In 2010, the Henry Tax Review was handed down to the Government. Dr Ken Henry and his team of experts had put together a report consisting of 138 specific recommendations that would provide necessary reform to Australia’s tax system. Amongst the many recommendations was a tax that, if applied correctly, could in one fell swoop take significant action towards resolving the fall in government tax revenue and the increasing issue of housing affordability in Australia. It’s called a broad-based land tax. It would replace the current property taxation system of stamp duties, and it’s arguably one of the most effective (and equitable) methods of taxation available to any government.
So, how does this work? A broad-based land tax, also known as a ‘land value tax,’ is simple. You would pay tax based purely on the value of the land you occupy, rather than the property you live in. Per Recommendation 51 of the Henry Tax Review, this would replace stamp duty. Recommendation 52 decrees that the tax ought to operate at different rates. Farmers who own large amounts of relatively cheap land in rural areas, for instance, would not have to pay a disproportionate amount of tax. Multiple rates would apply for areas of different value, with most agricultural land sitting in the lowest bracket, incurring zero tax, in a similar fashion to the tax-free income threshold.
Replacing stamp duty with a land tax has many benefits. Stamp duty is regarded by many economists today as an ‘archaic’ and ‘inefficient tax’, an anachronism of the 19th century that has no place in the modern economy. Unlike a land tax, which would apply to all landowners on a regular basis, stamp duty is a transactional tax. That is, it only applies to those buying or selling property, and thus can be avoided by those who own homes for long periods without buying or selling. Moreover, studies show stamp duty isn’t just fiscally inefficient, but it also acts as a drag on the economy . People are simply less willing to move house when they know that, aside from the associated costs of moving, they will also be hit with hefty stamp duty. This acts as a disincentive for older people with large houses to downsize, which means much of Australia’s housing stock is not being utilised as efficiently as possible. If stamp duties were abolished in favour of land tax, the more revenue could be raised over the long run because land prices tend to be more stable than that of property.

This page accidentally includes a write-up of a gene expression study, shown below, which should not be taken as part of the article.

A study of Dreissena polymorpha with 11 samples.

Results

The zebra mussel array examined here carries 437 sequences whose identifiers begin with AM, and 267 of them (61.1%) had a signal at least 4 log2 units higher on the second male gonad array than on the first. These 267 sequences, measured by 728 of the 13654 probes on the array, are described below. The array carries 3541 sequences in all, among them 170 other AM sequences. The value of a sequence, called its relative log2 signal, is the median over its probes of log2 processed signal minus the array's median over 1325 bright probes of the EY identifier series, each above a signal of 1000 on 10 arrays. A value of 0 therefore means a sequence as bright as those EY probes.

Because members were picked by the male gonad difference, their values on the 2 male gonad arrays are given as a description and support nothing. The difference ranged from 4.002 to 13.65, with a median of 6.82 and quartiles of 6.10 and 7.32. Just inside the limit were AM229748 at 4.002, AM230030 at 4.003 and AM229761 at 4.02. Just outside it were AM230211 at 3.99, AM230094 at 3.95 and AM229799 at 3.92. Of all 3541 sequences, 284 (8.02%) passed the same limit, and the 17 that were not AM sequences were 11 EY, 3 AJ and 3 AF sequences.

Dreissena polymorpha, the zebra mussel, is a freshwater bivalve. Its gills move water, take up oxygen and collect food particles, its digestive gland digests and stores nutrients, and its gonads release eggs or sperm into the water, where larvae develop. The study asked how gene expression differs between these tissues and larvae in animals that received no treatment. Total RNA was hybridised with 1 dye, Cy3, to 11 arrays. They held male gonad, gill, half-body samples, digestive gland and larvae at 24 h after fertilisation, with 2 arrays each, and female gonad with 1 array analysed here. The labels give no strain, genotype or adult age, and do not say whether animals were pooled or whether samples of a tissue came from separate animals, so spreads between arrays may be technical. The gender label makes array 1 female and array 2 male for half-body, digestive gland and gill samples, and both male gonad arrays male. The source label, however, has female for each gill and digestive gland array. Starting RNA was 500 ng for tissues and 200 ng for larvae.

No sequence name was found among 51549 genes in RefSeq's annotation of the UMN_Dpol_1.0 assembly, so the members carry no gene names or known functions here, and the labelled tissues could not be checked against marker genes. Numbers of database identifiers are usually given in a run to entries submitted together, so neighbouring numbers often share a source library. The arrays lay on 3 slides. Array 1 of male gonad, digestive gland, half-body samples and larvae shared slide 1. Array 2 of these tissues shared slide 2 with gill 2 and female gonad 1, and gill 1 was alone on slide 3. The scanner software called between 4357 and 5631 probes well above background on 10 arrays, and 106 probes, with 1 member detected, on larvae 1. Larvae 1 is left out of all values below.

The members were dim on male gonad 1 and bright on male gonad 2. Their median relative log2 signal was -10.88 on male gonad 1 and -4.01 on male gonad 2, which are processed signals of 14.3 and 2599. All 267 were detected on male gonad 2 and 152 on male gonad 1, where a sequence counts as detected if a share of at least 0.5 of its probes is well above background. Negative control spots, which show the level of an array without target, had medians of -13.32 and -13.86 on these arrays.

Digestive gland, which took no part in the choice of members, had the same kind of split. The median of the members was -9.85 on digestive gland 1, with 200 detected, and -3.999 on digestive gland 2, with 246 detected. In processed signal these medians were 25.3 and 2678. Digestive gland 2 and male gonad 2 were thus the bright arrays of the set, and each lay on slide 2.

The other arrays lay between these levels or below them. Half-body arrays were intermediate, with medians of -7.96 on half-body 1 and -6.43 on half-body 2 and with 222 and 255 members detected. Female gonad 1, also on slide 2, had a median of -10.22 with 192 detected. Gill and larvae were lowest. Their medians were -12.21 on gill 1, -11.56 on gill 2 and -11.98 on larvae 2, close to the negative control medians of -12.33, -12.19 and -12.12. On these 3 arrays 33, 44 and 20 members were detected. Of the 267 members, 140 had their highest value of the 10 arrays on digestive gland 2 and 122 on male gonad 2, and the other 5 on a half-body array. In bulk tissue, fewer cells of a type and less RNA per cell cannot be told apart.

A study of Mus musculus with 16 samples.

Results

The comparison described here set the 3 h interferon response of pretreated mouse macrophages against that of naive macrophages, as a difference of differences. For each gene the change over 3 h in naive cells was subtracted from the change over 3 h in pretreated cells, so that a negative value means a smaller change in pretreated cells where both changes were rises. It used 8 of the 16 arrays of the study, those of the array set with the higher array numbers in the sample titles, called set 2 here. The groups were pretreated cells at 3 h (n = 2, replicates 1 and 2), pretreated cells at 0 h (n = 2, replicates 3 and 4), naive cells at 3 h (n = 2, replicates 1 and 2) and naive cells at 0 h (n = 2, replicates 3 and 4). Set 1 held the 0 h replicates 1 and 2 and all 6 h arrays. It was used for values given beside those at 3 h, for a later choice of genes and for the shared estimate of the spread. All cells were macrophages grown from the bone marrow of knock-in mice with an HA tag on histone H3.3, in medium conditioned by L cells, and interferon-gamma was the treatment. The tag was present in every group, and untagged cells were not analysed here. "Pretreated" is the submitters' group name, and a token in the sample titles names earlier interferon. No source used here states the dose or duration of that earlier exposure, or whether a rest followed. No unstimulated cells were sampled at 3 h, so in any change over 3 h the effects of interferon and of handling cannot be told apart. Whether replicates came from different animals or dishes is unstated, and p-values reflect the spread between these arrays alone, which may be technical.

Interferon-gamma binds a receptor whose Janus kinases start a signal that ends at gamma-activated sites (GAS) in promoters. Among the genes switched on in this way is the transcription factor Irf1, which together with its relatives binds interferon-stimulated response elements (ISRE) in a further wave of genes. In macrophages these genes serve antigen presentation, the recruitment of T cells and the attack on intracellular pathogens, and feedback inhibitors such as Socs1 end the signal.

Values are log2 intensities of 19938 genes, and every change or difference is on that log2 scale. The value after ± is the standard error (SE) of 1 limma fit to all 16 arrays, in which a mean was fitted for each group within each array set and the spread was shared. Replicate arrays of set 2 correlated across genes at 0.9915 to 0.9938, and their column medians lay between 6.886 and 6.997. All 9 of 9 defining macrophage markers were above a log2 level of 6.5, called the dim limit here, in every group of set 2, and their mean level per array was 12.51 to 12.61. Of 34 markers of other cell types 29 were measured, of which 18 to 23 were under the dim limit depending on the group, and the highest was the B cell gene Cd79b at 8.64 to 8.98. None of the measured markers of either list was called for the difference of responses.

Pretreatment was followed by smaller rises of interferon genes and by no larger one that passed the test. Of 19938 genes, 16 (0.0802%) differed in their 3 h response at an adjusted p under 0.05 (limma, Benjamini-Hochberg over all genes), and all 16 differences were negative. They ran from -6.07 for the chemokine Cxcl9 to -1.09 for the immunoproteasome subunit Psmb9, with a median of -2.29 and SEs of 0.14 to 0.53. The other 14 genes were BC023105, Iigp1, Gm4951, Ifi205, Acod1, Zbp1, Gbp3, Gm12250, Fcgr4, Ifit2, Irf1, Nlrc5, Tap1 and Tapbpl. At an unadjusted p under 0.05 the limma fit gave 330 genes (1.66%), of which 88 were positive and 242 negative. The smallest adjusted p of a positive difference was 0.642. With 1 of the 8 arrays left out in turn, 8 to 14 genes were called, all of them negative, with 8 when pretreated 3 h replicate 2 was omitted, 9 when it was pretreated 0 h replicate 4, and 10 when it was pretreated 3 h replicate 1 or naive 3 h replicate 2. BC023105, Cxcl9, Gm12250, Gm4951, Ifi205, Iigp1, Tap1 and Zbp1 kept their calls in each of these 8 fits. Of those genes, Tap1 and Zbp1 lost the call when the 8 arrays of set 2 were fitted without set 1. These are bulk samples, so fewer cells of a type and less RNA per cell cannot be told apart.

It’s very important to note that there is a successful precedent for such a change. Showing some initiative, in 2012, the government of the Australian Capital Territory began phasing out stamp duty in favour of broadening its (already existing) land tax. This aimed to raise an extra $10 million in revenue by introducing new marginal rates and broadening the base of the land tax. Australia’s states all have their own land taxes, but none have been reformed in the way that the ACT’s has. Similar reform on a national scale would be a great boon to the Australian economy.
From a political perspective, this would be a shrewd act of reform that would help tackle the issue of inequality in property ownership and affordability, and provide a boost to tax revenue over the long term. If Australia is to continue its prosperity in decades to come, we must be as efficient as possible in our use of assets, and collection of government revenue. A broad-based land tax is a fine place to start.